Subway Fare Hike Takes Effect - NBC New York

Subway Fare Hike Takes Effect

    flickr Editorial/Getty Images
    That MTA fare hike approved earlier this year took affect over the weekend of March 22, 2015. A single ride went up to $2.75 from $2.50

    Getting around in New York City is a bit more expensive.

    An MTA fare hike that was passed earlier this year took effect Sunday, increasing the cost of a single ride on the city's subway system by 10 percent, from $2.50 to $2.75. Weekly and monthly MetroCards also increased in price.

    Drivers will also feel a pinch in their wallet, with tolls at the city's bridges and tunnels increasing 4 percent for E-ZPass customers and 6 to 10 percent for cash customers. Commuters who take the Long Island Rail Road and Metro-North will also see small increases in ticket prices, the MTA said.

    The agency said that subway fare increases could be offset somewhat for straphangers who load $5.50 or more onto their MetroCards. That's the threshold for an 11 percent bonus, double what riders who load multiple rides onto their cards currently get.

    Commuters React to MTA Fare Hikes

    [NY] Commuters React to MTA Fare Hikes
    In two months it will cost you more to ride the subway: the MTA approved fare hikes that will impact millions of commuters. Andrew Siff reports.
    (Published Thursday, Jan. 22, 2015)

    To help straphangers figure out the new fare bonuses, the MTA has released an online tool to help riders refill their cards.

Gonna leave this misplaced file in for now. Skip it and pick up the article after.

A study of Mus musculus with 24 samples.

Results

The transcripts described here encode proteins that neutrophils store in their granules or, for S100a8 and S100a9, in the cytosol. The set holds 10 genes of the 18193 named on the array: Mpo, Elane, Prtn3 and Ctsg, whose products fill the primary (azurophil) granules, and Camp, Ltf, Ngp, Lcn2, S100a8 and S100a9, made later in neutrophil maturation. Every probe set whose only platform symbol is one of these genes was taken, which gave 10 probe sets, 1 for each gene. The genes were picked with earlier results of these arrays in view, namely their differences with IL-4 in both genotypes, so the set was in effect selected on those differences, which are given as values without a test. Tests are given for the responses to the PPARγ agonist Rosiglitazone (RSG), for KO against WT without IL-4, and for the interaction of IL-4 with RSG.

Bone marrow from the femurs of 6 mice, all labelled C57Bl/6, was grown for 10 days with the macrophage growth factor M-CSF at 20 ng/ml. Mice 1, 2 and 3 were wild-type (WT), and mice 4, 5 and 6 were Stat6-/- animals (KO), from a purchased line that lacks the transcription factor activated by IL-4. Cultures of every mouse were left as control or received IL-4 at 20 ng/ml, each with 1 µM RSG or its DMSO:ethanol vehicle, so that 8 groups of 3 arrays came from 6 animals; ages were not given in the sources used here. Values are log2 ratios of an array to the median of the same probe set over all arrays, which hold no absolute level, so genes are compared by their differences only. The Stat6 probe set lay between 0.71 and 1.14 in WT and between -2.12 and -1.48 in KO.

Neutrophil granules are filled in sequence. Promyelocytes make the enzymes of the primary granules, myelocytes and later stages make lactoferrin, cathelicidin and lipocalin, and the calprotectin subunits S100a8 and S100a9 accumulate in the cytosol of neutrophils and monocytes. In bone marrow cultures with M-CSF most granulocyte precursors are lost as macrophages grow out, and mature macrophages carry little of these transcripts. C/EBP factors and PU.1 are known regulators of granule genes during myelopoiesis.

The fare increases come amid growing frustration for subway riders, who have seen the city's rapid transit system hampered by delays, outages and overcrowding in recent month. Virtually every line in the system has experienced significant delays at some point in the last few weeks, with broken rails, signal problems and smoky tunnels grinding the system to a halt during critical times. 

    The increase also comes as commuters in Queens deal with another round of weekend suspensions on the No. 7 line. The line has seen service to Manhattan cut nearly every other weekend for years as the MTA upgrades infrastructure on the line.

    The hike also comes two days before overnight outages on the L line commence, cutting off the ever-growing Williamsburg and Bushwick neighborhoods from Manhattan most weeknights for the next two months. 

    MTA Chairman Thomas Prendergast said straphangers will be getting dependability and reliability for the increased fares. 

    The MTA says it has cut over $1 billion from its annual spending and plans to do more.